Bess Truman's papers contain private life, president's finances

Friday, February 13, 2009 | 11:26 a.m. CST; updated 1:21 p.m. CST, Friday, February 13, 2009

INDEPENDENCE — The Truman Presidential Library and Museum on Friday opened more than 24,000 pages of family papers detailing the private life of Bess Wallace Truman, the wife of President Harry Truman.

The library staff said there are no previously unknown bombshells in the papers, which were released as part of the observation of the 124th birthday anniversary of Bess Wallace Truman. The library obtained the papers after the death of the Trumans' daughter, Margaret Truman Daniel, in January 2008.

About 1,600 of the papers once belonged to Bess Wallace Truman's mother, Madge Gates Wallace. They apparently do not mention the 1903 suicide of Bess Wallace Truman's father, David Wallace.

The papers include ledgers detailing President Truman's personal finances while he was in office from 1945 to 1953. Those ledgers include notations involving occasional personal payments made by the president to his younger sister, Mary Jane Truman — payments that became a financial embarrassment for the 33rd president.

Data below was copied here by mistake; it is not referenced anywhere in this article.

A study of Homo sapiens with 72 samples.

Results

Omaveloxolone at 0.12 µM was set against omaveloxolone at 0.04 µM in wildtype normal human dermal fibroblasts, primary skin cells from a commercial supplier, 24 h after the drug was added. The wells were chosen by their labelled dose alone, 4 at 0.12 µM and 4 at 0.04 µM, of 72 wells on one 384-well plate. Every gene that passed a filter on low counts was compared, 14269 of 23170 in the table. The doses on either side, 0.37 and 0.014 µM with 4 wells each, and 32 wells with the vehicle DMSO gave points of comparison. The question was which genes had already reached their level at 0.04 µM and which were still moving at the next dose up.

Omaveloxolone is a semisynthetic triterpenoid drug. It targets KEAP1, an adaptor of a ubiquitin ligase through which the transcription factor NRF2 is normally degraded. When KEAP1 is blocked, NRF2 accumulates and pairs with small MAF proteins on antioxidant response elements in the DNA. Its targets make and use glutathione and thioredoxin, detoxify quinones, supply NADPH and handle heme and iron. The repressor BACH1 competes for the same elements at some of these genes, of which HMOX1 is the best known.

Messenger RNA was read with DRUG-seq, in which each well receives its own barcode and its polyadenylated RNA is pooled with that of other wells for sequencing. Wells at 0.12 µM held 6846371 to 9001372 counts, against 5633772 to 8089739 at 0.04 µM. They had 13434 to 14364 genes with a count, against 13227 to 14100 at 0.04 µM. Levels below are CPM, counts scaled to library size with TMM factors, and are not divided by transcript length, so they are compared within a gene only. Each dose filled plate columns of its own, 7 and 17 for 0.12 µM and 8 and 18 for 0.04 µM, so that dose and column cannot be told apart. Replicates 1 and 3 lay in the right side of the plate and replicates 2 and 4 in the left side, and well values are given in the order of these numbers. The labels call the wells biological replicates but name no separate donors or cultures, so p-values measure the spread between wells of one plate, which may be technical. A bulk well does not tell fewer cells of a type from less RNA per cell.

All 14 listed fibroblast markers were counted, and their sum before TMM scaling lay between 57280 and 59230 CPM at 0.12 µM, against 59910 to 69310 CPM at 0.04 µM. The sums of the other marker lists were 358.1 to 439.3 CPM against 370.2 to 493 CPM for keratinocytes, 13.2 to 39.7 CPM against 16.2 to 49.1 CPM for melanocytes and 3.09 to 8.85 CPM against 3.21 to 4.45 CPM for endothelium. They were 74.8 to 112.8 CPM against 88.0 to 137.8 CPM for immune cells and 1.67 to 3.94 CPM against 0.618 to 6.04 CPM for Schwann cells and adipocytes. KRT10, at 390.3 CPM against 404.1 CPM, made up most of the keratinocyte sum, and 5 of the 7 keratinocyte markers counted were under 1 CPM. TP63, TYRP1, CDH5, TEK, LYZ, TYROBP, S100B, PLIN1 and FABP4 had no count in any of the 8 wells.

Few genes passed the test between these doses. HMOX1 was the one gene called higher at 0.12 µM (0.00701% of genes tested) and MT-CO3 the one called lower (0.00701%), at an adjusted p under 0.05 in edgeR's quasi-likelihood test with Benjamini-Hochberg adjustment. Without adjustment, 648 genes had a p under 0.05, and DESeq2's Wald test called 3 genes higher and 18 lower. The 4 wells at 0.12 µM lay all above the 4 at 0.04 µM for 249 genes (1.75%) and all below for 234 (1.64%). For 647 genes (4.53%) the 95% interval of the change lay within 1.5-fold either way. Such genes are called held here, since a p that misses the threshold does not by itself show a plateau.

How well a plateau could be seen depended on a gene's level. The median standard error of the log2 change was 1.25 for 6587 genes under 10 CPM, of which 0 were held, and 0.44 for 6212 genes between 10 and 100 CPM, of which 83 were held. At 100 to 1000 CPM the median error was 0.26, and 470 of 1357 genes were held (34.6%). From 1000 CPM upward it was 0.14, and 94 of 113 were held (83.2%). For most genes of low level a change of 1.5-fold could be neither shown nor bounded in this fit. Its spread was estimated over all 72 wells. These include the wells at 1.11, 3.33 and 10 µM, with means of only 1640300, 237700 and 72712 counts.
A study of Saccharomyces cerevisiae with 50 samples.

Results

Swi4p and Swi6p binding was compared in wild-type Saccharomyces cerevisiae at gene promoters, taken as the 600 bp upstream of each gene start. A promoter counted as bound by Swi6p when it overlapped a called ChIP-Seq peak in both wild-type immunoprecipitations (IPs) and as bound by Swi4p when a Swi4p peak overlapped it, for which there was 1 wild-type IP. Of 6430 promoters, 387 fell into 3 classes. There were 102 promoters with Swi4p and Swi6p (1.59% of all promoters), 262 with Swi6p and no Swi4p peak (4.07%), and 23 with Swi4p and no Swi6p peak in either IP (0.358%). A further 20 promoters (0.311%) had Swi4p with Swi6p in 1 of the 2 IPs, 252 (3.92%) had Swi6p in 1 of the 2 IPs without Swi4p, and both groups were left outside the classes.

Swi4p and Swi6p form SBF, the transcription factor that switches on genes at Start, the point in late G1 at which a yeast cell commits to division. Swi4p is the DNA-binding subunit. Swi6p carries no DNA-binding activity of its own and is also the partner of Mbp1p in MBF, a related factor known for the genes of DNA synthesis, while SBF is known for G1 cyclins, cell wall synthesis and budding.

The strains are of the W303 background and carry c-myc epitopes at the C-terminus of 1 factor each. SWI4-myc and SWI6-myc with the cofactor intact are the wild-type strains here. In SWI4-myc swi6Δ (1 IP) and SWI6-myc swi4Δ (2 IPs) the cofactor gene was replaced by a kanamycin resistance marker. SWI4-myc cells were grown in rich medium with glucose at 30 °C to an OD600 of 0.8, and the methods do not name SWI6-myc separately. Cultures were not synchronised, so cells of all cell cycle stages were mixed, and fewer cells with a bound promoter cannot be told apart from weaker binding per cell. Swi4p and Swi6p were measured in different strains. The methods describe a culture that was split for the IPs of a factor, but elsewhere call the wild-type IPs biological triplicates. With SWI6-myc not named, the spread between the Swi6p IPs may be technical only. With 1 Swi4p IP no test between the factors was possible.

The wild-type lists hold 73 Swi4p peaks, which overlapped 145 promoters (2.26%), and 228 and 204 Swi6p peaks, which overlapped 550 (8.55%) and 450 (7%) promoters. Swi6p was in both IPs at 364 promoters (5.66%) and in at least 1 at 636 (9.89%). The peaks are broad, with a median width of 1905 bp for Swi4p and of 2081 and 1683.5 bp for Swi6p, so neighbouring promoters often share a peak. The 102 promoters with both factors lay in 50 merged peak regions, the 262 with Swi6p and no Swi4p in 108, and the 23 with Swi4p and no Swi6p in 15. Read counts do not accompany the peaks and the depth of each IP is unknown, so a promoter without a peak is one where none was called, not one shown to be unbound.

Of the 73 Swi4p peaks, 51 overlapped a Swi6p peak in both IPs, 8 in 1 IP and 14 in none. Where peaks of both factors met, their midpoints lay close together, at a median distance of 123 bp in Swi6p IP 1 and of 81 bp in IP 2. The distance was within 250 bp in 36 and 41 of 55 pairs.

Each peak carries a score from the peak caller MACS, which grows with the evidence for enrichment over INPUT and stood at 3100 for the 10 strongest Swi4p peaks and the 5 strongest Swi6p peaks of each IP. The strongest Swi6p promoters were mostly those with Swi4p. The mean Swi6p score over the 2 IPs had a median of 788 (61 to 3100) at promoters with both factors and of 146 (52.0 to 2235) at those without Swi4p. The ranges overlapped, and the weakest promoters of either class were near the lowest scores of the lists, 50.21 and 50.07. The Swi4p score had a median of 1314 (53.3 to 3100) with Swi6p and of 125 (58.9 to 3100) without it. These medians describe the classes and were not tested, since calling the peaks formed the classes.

The notations, likely made by presidential secretary Rose Conway, are of interest because Truman was criticized for putting his wife and sister on the Senate payroll.

These personal payments to Mary Jane hint at an interesting Truman family dynamic, said Amy Williams, Truman Presidential Library deputy director.

"It was Mary Jane Truman who helped run the family farm in Grandview after Harry Truman went off to war," Williams said. "He was helping her out."

Experts on Truman have said that one reason he did not want to become Franklin Roosevelt's running mate in 1944was because he feared a media scandal over the payments to his wife.

When the payments did become public, Truman defended his wife's salary as payment for her time and expertise around his Senate office.

Bess Wallace Truman also was reluctant for her husband to become vice president because she feared the press would delve into her father's suicide. But the suicide did not become public.

"I would be surprised if there was anything in there about the suicide," Williams said. "One just didn't discuss that kind of thing back then."